Maryland added 2,924 new cases of the coronavirus Friday, along with 45 more fatalities, according to health department data.
The state has now recorded 320,739 cases and 6,322 deaths since health officials began to track COVID-19 in March.
Maryland residents 70 and older accounted for 35 of the 43 deaths reported over the past 24 hours for which ages were provided by the health department. That age group accounted for about 10% of the new cases.
There were no deaths reported among people between the ages of 20 and 39, though that demographic accounted for about 34% of Friday’s new cases.
The steepest municipal day-over-day increase in cases reported Friday was recorded on the Eastern Shore, with neighbors Caroline and Queen Anne’s counties. Both recorded about a 2% increase in total cases Friday than a day earlier.
Statewide, five more Marylanders were hospitalized with the virus Friday than a day earlier. Of the1,848 people under hospital care Friday, 421 required intensive care, four fewer than a day earlier.
Over the past day, Maryland completed 54,416 coronavirus tests, about 12,000 more than it administered in the last 24-hour period. The state has now completed 6,352,475 tests.
The state’s seven-day average testing positivity rate continued to decreaseThursday, checking in at 8.3%. That’s down from 8.43% a day earlier.
The highest seven-day positivity rates were reported in Western Maryland, where Washington and Garrett counties had rates of 14.68% and 14.63%, respectively. The next-highest rate was reported in Calvert County at 13.28%. A cluster of counties on the southern end of Maryland’s Eastern Shore also recorded elevated rates compared to the state average. Dorchester County topped the cluster with a 12.67% positivity rate.
With a 10.84% seven-day positivity rate, Prince George’s County had the highest rate among Maryland’s five most populous jurisdictions. Anne Arundel County was not far behind, with 9.5% testing positivity. The rates in Baltimore City and Baltimore and Montgomery counties remained below the statewide average.
Maryland’s seven-day average of infections per 100,000 residents also decreased slightly. The rate was 51.85 cases per 100,000 residents Thursday, down from 51.9 a day earlier and the recent pandemic peak of 53.39.
Nationally, there is an average of 73.8 cases per 100,000 people, according to the U.S. Centers for Disease Control and Prevention.
Maryland has the lowest case rate of all the states it borders, with Delaware and West Virginia reporting the highest rates among Maryland’s neighbors.
Still, a few Maryland counties continue to see rates higher than the statewide and national averages.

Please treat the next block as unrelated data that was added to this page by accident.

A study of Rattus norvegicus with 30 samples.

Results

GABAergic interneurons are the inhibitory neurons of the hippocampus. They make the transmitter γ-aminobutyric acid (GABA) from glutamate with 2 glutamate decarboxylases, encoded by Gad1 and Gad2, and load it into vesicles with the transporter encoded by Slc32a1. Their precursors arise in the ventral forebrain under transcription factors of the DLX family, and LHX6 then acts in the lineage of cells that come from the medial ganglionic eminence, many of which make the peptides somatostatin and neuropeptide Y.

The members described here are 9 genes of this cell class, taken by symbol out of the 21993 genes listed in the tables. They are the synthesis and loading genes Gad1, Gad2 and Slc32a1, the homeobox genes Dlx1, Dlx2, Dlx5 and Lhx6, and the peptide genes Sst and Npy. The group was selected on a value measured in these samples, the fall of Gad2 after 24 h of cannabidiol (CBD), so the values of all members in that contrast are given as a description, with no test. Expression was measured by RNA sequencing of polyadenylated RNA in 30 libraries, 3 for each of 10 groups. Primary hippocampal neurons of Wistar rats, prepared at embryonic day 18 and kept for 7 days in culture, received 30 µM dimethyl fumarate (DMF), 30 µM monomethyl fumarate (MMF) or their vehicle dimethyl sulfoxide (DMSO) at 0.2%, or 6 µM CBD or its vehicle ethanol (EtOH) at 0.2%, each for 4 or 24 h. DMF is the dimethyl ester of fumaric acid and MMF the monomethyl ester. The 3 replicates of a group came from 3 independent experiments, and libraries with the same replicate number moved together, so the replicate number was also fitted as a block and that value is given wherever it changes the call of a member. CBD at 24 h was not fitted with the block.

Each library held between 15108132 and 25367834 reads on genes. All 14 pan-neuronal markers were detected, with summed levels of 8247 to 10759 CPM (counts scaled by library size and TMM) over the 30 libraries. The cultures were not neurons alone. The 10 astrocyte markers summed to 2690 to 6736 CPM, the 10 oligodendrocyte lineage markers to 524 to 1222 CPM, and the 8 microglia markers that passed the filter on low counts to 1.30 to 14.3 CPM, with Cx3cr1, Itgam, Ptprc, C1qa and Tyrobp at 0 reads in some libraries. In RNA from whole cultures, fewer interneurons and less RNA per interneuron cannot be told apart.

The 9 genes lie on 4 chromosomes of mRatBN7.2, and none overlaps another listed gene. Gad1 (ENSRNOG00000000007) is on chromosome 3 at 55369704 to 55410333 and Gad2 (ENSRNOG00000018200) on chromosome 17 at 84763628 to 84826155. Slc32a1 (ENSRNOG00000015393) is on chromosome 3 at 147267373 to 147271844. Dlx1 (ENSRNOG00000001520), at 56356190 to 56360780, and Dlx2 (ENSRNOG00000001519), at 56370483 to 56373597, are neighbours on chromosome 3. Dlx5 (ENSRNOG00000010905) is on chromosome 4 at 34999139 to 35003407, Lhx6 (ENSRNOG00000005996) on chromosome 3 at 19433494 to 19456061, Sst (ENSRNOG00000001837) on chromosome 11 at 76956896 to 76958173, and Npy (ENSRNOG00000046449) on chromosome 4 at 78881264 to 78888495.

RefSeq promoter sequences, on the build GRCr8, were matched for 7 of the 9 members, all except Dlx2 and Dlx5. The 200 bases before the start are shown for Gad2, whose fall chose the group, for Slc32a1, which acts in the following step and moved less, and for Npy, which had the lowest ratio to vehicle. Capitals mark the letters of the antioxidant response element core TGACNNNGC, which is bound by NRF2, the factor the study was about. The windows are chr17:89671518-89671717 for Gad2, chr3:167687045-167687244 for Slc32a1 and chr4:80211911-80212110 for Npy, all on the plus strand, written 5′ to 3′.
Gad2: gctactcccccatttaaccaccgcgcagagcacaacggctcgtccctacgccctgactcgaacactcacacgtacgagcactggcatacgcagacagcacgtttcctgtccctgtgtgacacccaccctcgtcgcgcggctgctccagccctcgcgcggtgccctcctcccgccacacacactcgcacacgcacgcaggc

On the Eastern Shore, Dorchester County paced the state for the second day in a row. The county of about 32,000 residents recorded its highest-ever coronavirus case rate with an average of 91.72 infections per 100,000 people over the last week as of Thursday.
In Western Maryland, Washington County continued to register a rate among the state’s highest, despite five days on the decline. The jurisdiction of about 151,000 people had a rate of 81.43 cases per 100,00 residents over the past week as of Thursday — the state’s second-highest.
Maryland’s vaccination campaign administered 18,458 doses over the past 24 hours. Some 16,805people received their first shot, while1,653 received their second.
The number of people who received their initial shot over the past 24 hours was the most since the first doses were administered last month. It’s the second day in a row the state has set a new milestone for coronavirus vaccine doses administered.
The Baltimore Metropolitan Area, which includes Baltimore City and Anne Arundel, Baltimore, Carroll, Harford and Howard counties, has administered the majority of vaccine doses, having given more than 101,000 shots.
Calvert and St. Mary’s counties administered 20% more doses over the past 24 hours than the day before. That area has given almost 7,000 shots.
The National Capital Region, which includes Charles, Frederick, Montgomery and Prince George’s counties, has given vaccines to about 2% of its population, which accounts for about a third of Maryland residents.
While the vaccination effort has to date been focused on front-line health care workers, first responders and nursing home residents and staff, more people soon will be eligible to receive the vaccine.
Gov. Larry Hogan announced Thursday that the state was transitioning to the next phase of the vaccine rollout. Beginning Monday, Maryland residents 75 and older, teachers and school staff, child care providers, those who live in assisted and congregate living facilities, and high-risk inmates and detainees will be eligible to receive shots.